Netflix’s Resident Evil Trailer Breakdown and Season 1 Preview – IGN
The below is a detailed preview of Season 1 of Resident Evil on Netflix. It contains information not included in the trailer and may contain more details than some viewers want to know early on. The series premieres on Netflix June 21, 2022.
Resident Evil has once again received the adaptation treatment, but we’re expanding beyond the world as we know it for this one! In Netflix’s upcoming Resident Evil, we’ll be exploring the apocalypse like never before. If you haven’t had a chance to check out the trailer just yet, give it a look:
Meet Billie (Seina Agudong) and Jade (Tamara Smart). You already know their father, one Albert Wesker (Lance Reddick). They’re new to New Raccoon City, and seem to live in a world that’s managed to move on from the horrors of 1998 and the outbreak that took over Raccoon City Original Edition™.
As you can see, Netflix’s Resident Evil will take place across two timelines. We meet young Billie and Jade in 2022, while the other half of the story takes place in 2036.
A New Take on Resident Evil
The split timeline will serve a purpose. Showrunner Andrew Dabb wanted to take a new look at the zombie apocalypse. We see a lot of the proverbial end of the world in media, but diving into “what the world would look like when it’s come to terms with what happened,” was important to Dabb. “We would adapt to a zombie outbreak. It may not look pretty, but we would be able to do it,” he said during our interview.
That new take didn’t mean sacrificing Resident Evil canon, though. Racoon City was still nuked in 1998 and Albert Wesker still fell into a volcano that was then RPGed. Given Wesker’s very obvious presence in this series, fans will definitely have questions as the series unfolds. Dabb was tight lipped on how Wesker turns up in New Raccoon City with two daughters after his apparent untimely end, but did note that the 2022 version is fun to build on as a “blank slate,” and noted that despite remaining in the land of the living, Wesker isn’t alive through some silly means like a lava-proof vest or something.
“I don’t believe that a definitive adaptation of Resident Evil exists,” Dabb noted when asked about turning game canon into a TV series. “I don’t see our show as definitive either. Resident Evil is too big to be defined by one thing.”
This will be a brand new story, but there will still be lots of goodies for longtime fans of the franchise. Dabb doesn’t expect anyone to come into the show with a deep knowledge of the movies or games, but he did note that there will be plenty of Easter eggs waiting for diehards. With that said, he has hope that Netflix’s Resident Evil will serve as a gateway to new fans in the way that Resident Evil 3 acted as one for him (and yes, that’s his favorite game of the franchise).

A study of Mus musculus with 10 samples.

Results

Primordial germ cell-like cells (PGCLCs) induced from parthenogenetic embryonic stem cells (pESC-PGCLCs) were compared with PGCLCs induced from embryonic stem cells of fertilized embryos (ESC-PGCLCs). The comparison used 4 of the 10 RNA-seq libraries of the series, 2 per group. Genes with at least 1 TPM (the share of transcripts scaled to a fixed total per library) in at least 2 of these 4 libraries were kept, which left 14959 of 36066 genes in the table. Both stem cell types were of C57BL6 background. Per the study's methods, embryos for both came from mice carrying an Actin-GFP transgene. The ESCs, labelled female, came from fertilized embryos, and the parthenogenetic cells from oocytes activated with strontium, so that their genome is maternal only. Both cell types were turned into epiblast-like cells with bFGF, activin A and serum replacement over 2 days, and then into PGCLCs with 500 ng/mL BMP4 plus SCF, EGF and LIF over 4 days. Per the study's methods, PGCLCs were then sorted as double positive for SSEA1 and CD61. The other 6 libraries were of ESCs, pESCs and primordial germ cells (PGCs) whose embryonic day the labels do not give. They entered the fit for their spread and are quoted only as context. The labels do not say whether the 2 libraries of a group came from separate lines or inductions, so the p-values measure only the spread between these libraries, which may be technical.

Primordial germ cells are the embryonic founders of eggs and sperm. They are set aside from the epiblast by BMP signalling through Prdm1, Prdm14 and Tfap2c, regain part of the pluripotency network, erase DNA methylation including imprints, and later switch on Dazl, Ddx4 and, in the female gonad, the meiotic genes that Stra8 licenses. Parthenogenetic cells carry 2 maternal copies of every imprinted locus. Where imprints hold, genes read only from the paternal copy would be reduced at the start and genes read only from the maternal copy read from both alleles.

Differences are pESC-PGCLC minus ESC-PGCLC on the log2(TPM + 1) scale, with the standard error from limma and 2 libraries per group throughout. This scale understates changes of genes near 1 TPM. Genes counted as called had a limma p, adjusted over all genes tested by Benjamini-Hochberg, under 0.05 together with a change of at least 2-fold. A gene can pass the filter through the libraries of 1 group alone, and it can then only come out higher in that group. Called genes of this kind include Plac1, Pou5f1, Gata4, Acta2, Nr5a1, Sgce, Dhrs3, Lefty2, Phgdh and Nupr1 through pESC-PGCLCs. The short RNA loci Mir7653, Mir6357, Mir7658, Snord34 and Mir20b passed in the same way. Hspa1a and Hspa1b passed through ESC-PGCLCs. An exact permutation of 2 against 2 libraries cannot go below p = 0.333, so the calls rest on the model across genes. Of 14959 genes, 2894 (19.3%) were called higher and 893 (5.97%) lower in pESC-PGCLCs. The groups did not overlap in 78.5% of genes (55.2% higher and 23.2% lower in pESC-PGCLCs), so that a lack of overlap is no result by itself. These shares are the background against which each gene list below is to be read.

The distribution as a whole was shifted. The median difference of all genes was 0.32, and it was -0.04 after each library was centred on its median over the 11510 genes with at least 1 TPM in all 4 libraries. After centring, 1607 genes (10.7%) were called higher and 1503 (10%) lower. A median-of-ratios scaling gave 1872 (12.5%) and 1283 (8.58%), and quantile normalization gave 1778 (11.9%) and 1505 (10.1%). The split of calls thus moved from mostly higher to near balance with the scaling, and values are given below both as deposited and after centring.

So How Does the Timeline Work Then?
The same way it did before! Dabb noted that the events that are unfolding in New Raccoon City take place around the same time as Resident Evil Villiage (the Resident Evil TV series kicks off in 2022, while the events of Village take place in 2021). All the timelines you knew before still matter, and all of the key events of the Resident Evil canon have still occurred.
When it comes to adapting those moments, the series will be pulling from game lore, but will rarely dip its toe into the films’. The genre will follow those same lines as well. “We always try to lead with horror, and then action comes second,” said Dabb.
Keepin’ It Practical
If you read my Lord of the Rings: The Rings of Power title sequence preview, you know that I’m all about them practical effects. Im happy to report that Andrew Dabb feels the same way. “We tried to do as much practical as possible. Everything you see up close is practical,” he said.
There will be CGI in the series (there’s CGI in everything), but they tried to save it for when they really needed it. You’ll meet more than a few creatures created with motion capture, but one look at the boils and lesions on the zombies makes it clear that their makeup team put in the work.
Dabb also prefers practical locations to sets, and has a particular distaste for green screen. Built sets come into play when necessary, and green screen was used in the few instances there were no other options, but New Raccoon City is a real town in South Africa, while Umbrella headquarters was shot in an art museum.
Some quotes edited for clarity.
Amelia is the Streaming Editor here at IGN. She’s also a film and television critic who spends too much time talking about dinosaurs, superheroes, and folk horror. You can usually find her with her dog, Rogers. There may be cheeseburgers involved.